He was a former best-seller plucked off the remainder shelves by the Sacramento Kings on an idle afternoon in September. It was as if a tag detailing all the previous markdowns were hanging from Ralph Sampson's basketball shorts. He was a bargain. Damaged goods. Damaged reputation.
"I read a quote in The Sporting News from David Robinson," Sampson said soon after joining Sacramento. "David Robinson said he had admired me when he was a youngster, but thought that I had given up as a basketball player. The whole quote just turned up the gas unbelievably. I cut it out. Saved it. I never do that, but I did it here."
David Robinson. Who is David Robinson? This year's prize rookie, the newest alltime-great-center-to-be. The former alltime-great-center-to-be shook his head. David Robinson.
"The only other time I ever cut out a quote was in Houston," Sampson said. "A sportswriter wrote a nasty column about me. Alan Truex. I was negotiating my contract at the time. He wrote that I was heartless, that I didn't give a damn, all sorts of things like that. Reasons why the Rockets shouldn't sign me. I cut that out and pasted it inside the cabinet in my kitchen. That way I'd see it every day. I'd remember."
The walls were closing in on 7'4" Ralph Sampson, but he was going to put out his long arms and stop them. Who said he was never going to be what he was supposed to be? What was he supposed to be, anyway? He was in a new town with new hope. Forget that he had been traded by the Golden State Warriors for journeyman forward Jim Petersen, a straight exchange that a couple of years ago would have been unimaginable. Forget the quotes from Sacramento owner Gregg Lukenbill, who said, "We got him for nothing." This was going to work.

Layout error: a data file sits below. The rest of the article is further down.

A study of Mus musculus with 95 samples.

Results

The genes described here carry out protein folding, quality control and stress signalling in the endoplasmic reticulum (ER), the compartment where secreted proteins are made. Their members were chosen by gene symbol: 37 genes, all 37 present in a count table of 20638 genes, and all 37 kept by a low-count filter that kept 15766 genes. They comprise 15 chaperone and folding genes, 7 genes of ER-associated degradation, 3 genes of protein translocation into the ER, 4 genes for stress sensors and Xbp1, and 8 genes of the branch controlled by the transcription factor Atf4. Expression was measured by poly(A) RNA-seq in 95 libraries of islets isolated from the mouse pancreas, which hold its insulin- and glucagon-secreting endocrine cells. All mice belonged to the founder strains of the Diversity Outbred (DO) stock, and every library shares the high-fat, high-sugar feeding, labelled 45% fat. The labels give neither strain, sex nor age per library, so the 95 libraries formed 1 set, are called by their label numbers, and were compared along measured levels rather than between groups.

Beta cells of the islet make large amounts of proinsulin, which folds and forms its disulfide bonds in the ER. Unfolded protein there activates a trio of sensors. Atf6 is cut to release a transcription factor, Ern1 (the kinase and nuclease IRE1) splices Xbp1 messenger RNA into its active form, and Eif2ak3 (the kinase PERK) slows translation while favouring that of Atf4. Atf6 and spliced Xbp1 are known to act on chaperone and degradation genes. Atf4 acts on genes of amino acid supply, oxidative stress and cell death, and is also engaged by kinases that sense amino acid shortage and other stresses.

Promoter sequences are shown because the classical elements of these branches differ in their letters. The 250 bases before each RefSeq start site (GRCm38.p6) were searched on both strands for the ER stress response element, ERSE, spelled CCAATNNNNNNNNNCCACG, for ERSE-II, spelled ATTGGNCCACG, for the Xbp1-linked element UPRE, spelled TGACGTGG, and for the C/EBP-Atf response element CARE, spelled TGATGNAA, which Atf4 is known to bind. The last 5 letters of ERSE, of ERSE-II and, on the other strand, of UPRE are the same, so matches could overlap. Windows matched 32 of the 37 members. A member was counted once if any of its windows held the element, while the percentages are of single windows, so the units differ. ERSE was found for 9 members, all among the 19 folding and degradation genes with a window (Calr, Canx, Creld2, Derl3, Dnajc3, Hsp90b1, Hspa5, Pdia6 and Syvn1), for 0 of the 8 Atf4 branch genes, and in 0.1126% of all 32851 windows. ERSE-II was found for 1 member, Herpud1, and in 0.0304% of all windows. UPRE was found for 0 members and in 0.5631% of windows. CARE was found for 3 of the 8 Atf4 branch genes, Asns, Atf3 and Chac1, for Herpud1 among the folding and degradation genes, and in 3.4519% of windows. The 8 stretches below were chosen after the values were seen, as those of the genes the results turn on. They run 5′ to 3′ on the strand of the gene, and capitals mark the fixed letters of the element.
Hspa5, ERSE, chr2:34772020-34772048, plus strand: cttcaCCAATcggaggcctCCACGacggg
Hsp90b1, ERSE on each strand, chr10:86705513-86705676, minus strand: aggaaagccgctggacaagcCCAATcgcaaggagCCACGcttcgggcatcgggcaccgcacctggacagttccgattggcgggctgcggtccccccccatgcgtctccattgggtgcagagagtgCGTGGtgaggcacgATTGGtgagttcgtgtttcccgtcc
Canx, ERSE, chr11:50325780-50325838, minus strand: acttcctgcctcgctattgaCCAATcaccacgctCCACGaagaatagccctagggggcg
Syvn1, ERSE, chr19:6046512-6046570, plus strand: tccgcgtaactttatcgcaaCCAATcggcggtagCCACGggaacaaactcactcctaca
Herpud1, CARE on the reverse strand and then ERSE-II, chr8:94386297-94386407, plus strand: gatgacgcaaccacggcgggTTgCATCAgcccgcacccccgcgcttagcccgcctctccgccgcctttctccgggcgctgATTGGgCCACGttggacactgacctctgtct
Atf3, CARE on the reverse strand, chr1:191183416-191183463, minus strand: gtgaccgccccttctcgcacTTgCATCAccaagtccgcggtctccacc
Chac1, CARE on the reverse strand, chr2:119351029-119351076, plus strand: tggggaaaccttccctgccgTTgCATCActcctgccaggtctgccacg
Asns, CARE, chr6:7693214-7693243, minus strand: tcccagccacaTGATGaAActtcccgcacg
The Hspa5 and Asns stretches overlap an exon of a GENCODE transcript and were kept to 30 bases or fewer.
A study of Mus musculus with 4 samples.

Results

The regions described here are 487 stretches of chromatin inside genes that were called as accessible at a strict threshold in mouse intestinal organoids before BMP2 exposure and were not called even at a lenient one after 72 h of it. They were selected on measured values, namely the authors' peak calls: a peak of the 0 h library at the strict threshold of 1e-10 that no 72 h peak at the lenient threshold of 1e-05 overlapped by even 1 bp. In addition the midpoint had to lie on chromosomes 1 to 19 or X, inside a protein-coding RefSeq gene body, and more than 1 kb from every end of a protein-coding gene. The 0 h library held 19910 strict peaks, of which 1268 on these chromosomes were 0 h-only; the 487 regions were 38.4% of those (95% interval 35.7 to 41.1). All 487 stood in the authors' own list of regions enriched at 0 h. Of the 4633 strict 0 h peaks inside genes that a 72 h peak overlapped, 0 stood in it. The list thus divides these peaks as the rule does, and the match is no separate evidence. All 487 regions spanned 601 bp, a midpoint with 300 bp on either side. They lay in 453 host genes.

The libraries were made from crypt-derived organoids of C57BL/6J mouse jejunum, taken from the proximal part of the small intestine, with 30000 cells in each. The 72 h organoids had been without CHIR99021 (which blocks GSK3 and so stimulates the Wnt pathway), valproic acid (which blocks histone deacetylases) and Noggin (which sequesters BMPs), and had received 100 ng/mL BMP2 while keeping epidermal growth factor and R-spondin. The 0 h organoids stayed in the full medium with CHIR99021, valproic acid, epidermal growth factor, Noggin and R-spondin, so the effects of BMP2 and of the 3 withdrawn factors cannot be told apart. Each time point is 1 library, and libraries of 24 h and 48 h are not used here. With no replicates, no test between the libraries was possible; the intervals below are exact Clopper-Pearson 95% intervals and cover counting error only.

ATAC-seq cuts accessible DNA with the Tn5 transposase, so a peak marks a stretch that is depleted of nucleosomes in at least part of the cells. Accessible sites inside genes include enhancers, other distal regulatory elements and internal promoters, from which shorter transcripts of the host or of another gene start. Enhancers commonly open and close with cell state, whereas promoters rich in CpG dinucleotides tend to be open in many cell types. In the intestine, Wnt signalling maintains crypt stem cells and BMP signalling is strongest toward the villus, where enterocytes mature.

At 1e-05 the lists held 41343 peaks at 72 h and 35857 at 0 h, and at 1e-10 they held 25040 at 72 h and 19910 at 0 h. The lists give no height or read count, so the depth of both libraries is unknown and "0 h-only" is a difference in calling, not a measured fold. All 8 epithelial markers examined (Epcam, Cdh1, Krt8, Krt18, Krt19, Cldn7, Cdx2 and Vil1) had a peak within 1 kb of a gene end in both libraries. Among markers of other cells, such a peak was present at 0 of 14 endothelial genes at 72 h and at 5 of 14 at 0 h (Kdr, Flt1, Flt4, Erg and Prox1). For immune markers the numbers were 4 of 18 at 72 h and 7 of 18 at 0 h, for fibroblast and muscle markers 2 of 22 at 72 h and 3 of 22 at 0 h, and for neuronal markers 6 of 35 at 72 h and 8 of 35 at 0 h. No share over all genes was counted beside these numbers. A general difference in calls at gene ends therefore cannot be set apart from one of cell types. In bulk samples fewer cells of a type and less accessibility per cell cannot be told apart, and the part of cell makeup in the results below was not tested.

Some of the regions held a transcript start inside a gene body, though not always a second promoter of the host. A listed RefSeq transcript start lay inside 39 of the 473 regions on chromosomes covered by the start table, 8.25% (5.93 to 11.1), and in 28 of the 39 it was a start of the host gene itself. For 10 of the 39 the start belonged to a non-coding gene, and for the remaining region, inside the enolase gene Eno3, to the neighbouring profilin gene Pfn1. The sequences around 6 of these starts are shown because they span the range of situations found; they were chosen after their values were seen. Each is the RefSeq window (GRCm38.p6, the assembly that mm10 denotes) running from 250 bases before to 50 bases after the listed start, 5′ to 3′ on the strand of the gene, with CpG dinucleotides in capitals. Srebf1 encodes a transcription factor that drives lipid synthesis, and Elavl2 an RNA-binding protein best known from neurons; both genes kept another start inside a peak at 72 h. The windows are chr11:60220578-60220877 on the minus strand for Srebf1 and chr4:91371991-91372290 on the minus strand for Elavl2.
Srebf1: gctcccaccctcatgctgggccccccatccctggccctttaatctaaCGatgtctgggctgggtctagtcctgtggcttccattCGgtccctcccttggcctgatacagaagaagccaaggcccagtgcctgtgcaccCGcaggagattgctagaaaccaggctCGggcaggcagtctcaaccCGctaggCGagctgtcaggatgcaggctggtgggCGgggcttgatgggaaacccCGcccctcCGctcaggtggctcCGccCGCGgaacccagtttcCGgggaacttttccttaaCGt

"When I'm 100 percent again, you'll know it when you see it," Sampson said. "I'm getting there. I can see it in spots. I can see it on certain days. I'll get there. I have to get to a point where I can work out at a maximum level every day."
He was keeping a daily journal. He was writing down what he ate, how long he slept, how he played. He was looking for constants. Find the ones that work best. Repeat. He was wearing a T-shirt with two curved arrows pointing at each other in a circle. His own design. The secret message was: What goes around, comes around. This was his new motto. Wasn't he going to come around?
His new boss was Bill Russell, the general manager of the Kings. What better boss could a big man have than Bill Russell? This was a man who had won more championships with the Boston Celtics than he had fingers for the rings. If there were secrets to be learned, wouldn't Russell be the one to teach them? There already had been talks, Big-man talks. There would be more.
"I first met Bill Russell when he came to the University of Virginia to give a speech," Sampson said. "I interviewed him for a course I was taking in communications. I remember I was very nervous."
Forget that Russell was quoted in the papers as saying, "Ralph Sampson is not being brought here to be a franchise player, just to be a basketball player." Did he ever want to be a franchise player? He just wanted to move back into the low post, do some work, win.